I went to an ER last night, but they did nothing to help. They only verified that yes I have rectal bleeding. An checked my blood count. When that came back normal they sent me home and said get into see a Gastroenteritis for a colonoscopy ? Should I go to another ER for Evaluation?
I am sorry that you have been experiencing these symptoms and I recommend discussing them with your doctor. I can only imagine that it is very stressful when you are not sure what is going on. You mentioned that you have left lower abdominal pain and rectal bleeding for a few days. Any signs of rectal bleeding is concerning. Some of the possible causes of left lower abdominal pain and rectal bleeding is diverticulosis, diverticulitis, infection, colon malignancy. Diverticulosis is usually a painless bleeding. Diverticulitis usually causes left lower abdominal pain but no bleeding. Infection can cause both abdominal pain and bleeding. Colon malignancy can also cause bleeding. It sounds like the ED performed a test called a guiac test where they took a stool sample and tested it to confirm that it was blood. They also checked your blood count which I assume is not terribly low since you did not mention that you were transfused. They then sent you home with plans to follow up with a gastroenterologist to perform a colonoscopy to try to locate the source of bleeding. You continue to have severe left lower abdominal pain and rectal bleeding. If your abdominal pain is changed or worsening compared to when you last when to the ED, I would recommend going back to an ED to get it checked out. Also, if you continue to have large volumes of blood from your anus, you should go back to the ED. Also, you should monitor your temperature. If you have temperature of greater than 100.4 degrees, you should go to the ED.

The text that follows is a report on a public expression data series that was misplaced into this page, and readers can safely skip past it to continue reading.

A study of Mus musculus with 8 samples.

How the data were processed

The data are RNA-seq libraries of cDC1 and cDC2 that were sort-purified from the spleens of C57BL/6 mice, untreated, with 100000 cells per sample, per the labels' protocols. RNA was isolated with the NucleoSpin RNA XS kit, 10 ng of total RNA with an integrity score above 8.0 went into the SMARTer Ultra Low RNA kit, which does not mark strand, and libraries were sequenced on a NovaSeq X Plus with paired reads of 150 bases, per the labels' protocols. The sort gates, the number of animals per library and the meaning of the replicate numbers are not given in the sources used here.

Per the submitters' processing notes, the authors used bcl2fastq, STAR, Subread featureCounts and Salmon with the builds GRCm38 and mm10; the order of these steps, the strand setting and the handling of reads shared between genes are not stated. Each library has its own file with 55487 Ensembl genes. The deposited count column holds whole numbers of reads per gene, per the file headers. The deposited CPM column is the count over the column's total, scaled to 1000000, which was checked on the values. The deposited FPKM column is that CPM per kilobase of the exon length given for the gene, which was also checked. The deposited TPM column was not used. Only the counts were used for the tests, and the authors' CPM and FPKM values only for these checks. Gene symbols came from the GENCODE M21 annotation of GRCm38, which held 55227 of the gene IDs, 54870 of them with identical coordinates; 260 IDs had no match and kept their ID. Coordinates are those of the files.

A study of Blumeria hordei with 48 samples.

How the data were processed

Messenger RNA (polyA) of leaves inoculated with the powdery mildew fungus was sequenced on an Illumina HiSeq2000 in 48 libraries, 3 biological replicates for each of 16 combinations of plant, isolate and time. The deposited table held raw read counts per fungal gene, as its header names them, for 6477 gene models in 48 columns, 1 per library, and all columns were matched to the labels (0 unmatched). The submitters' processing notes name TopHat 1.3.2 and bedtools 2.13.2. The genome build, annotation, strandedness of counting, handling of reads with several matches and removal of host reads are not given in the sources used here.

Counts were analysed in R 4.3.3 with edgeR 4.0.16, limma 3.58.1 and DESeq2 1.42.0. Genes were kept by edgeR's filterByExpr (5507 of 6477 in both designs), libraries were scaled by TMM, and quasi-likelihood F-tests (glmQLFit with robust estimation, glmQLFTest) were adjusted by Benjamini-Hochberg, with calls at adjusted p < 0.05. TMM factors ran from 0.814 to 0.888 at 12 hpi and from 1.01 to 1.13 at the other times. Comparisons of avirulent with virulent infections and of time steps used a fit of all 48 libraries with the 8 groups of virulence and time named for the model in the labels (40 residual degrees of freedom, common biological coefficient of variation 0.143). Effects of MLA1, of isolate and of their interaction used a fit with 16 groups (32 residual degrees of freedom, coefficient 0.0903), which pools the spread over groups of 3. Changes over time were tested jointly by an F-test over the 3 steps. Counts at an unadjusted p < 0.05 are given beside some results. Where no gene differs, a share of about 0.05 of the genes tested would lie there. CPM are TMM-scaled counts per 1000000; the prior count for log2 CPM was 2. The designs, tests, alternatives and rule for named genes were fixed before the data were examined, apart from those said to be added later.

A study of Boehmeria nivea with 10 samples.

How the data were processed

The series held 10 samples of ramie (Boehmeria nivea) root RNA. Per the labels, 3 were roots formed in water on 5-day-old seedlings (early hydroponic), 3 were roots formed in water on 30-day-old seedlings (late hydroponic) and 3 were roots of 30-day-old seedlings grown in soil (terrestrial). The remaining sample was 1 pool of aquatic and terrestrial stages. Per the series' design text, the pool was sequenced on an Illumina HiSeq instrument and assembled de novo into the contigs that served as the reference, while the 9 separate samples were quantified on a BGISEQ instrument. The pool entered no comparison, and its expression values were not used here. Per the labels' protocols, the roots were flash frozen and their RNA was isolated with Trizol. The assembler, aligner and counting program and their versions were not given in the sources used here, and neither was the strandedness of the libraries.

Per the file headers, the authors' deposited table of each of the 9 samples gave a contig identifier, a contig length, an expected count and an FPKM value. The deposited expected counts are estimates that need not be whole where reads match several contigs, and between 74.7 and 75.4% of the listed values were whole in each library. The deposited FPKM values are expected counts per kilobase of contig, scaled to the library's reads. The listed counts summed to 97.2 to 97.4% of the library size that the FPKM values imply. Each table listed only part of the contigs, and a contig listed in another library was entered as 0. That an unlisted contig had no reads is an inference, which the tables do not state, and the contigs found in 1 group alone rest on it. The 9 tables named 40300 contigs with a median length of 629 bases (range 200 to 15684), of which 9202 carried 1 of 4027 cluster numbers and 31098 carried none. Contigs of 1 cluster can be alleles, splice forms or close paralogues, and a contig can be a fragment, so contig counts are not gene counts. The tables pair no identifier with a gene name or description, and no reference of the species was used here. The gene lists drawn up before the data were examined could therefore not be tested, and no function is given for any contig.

This answer is for general informational purposes only and is not a substitute for professional medical advice.
If you think you may have a medical emergency, call your doctor or (in the United States) 911 immediately. Always seek the advice of your doctor before starting or changing treatment. Medical professionals who provide responses to health-related questions are intended third party beneficiaries with certain rights under Zocdoc’s Terms of Service.